Facebook’s ‘experiments’

05:12 AM January 23, 2018

The latest country to fall victim to misinformation, fake news and propaganda on social media, specifically through the 2-billion-strong Facebook, is Cambodia, according to BuzzFeed News correspondent Megha Rajagopalan, writing from Phnom Penh.

“When Facebook first came to Cambodia, many hoped it would help to usher in a new period of free speech, amplifying voices that countered the narrative of the government-friendly traditional press. Instead, the opposite has happened. Prime Minister Hun Sen is now using the platform to promote his message while jailing his critics, and his staff is doing its best to exploit Facebook’s own rules to shut down criticism—all through a direct relationship with the company’s staff.

“Facebook has also dramatically reduced the reach of independent media in Cambodia after it decided last year to silo off their content as part of a controversial experiment … [It] has styled itself as a neutral platform for information. But its role in spreading propaganda and fake news, as well as its relationship with the Cambodian government, shows how easily that neutrality can be exploited by autocrats.”


On Jan. 11, Zuckerberg said Facebook would change its algorithms to favor more “meaningful interactions” in users’ news feed, to now highlight “personal moments that lead us to connect more with each other” over content from publishers such as news, video and other public uploads. More content will be seen from family, friends and groups rather than posts pushed not only by brands and businesses, but also even news stories by media companies, legitimate or otherwise, who have come to depend on Facebook’s unparalleled reach for their readership and numbers.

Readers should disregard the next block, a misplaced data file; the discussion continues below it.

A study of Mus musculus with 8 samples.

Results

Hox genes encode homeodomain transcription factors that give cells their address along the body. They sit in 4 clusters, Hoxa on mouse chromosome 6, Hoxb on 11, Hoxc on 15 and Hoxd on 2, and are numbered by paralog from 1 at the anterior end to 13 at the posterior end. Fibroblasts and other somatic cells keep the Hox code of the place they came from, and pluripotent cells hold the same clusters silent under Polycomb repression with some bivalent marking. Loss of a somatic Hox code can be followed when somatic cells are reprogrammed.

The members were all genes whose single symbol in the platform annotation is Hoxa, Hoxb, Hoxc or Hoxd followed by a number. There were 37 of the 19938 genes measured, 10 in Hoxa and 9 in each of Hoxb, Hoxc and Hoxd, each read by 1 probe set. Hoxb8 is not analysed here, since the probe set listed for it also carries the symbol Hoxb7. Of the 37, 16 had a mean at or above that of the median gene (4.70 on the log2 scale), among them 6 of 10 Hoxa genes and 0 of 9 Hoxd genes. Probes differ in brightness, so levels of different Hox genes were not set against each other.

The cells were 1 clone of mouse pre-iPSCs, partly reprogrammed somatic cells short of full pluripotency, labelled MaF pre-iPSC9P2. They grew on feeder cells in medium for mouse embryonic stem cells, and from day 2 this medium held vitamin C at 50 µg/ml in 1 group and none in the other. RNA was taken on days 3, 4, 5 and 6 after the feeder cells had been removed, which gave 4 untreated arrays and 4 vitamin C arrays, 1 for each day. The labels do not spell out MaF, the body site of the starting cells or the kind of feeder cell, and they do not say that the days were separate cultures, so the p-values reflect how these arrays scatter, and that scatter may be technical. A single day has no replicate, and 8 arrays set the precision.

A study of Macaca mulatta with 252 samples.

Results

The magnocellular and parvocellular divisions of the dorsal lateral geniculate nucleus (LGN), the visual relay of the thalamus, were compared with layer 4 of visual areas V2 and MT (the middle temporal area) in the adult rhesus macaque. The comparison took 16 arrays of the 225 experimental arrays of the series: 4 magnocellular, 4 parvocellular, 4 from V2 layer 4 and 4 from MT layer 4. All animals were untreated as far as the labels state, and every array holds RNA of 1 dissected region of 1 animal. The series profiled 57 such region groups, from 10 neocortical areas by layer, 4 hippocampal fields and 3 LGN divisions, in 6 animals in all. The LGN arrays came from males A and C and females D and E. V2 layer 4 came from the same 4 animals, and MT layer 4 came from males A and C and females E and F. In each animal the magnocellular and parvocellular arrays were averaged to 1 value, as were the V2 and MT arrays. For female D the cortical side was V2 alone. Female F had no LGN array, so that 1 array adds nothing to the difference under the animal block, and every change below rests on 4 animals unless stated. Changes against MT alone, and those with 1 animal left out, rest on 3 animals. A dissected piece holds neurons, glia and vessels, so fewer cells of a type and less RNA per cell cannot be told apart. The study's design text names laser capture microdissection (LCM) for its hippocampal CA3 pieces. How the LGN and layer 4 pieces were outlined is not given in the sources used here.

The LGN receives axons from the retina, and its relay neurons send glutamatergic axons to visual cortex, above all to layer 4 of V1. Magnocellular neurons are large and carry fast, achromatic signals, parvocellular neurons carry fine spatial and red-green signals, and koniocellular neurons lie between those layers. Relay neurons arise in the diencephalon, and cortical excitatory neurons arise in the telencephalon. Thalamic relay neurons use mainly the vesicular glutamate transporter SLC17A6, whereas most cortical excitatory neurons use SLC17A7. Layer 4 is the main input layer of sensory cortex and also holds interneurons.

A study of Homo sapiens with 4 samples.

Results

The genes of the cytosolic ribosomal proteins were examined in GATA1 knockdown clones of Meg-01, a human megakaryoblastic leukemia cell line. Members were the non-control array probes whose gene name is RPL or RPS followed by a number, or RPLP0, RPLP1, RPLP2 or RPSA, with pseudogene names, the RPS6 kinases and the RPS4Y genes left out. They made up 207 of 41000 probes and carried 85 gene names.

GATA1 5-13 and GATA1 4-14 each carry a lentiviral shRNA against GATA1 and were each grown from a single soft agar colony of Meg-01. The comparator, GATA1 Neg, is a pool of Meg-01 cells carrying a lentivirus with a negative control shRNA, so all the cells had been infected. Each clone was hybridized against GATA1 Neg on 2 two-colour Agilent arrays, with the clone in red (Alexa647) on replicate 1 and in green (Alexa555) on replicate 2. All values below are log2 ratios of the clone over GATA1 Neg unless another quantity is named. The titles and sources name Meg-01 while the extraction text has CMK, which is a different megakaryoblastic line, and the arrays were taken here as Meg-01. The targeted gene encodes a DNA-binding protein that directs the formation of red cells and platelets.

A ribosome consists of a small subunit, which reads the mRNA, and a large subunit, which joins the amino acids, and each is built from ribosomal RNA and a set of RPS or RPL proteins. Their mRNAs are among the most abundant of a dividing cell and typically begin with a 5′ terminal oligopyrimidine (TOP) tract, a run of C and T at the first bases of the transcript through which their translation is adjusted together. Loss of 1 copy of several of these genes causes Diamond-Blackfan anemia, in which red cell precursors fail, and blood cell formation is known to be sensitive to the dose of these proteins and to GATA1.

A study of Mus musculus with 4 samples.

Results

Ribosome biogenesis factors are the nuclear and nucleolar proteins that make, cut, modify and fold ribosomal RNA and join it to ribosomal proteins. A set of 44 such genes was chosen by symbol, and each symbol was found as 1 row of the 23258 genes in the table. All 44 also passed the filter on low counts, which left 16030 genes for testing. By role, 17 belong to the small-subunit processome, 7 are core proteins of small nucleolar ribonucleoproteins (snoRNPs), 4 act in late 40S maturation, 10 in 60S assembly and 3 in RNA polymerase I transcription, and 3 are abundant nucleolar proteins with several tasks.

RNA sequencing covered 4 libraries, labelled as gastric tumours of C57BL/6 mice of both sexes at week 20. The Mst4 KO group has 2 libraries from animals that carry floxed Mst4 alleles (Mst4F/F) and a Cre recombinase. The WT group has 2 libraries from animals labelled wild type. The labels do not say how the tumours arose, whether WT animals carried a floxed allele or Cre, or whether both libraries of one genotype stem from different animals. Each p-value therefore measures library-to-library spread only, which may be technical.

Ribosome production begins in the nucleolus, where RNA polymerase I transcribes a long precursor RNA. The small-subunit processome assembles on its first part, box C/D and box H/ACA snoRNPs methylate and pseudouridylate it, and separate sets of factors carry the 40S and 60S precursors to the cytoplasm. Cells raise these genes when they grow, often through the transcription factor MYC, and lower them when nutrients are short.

This was the “experiment” earlier rolled out in Cambodia. The development may sound like good news in terms of battling fake news, but the fact that the blanket changes designed to make Facebook more “neutral” will affect even genuine news purveyors has rung alarm bells. “Facebook’s retreat from news, and the complexities of taking responsibility for the type of content circulating on its platform, has many implications for press organizations in the United States and Europe, but at least in rich, western democracies, its actions can be mitigated by other strategies,” noted Emily Bell in The Guardian. “In countries such as the Philippines, Myanmar and South Sudan and emerging democracies such Bolivia and Serbia, it is not ethical to plead platform neutrality or to set up the promise of a functioning news ecosystem and then simply withdraw at a whim.”

The latest change announced by Zuckerberg last week appears to be a further retreat from responsibility: Facebook will now prioritize “trustworthy” news—based on member surveys. “We considered asking outside experts, which would take the decision out of our hands but would likely not solve the objectivity problem. Or we could ask you—the community—and have your feedback determine the ranking.”

Not all Facebook users will be asked, but only a “diverse and representative” sampling, whose scores of the news organizations they survey won’t be made public.

Might that secrecy clause raise, in time, more questions about Facebook’s workings? And will this latest tweak fix the network—enough for it to finally drain the swamp of sensationalism and fake news it has spawned?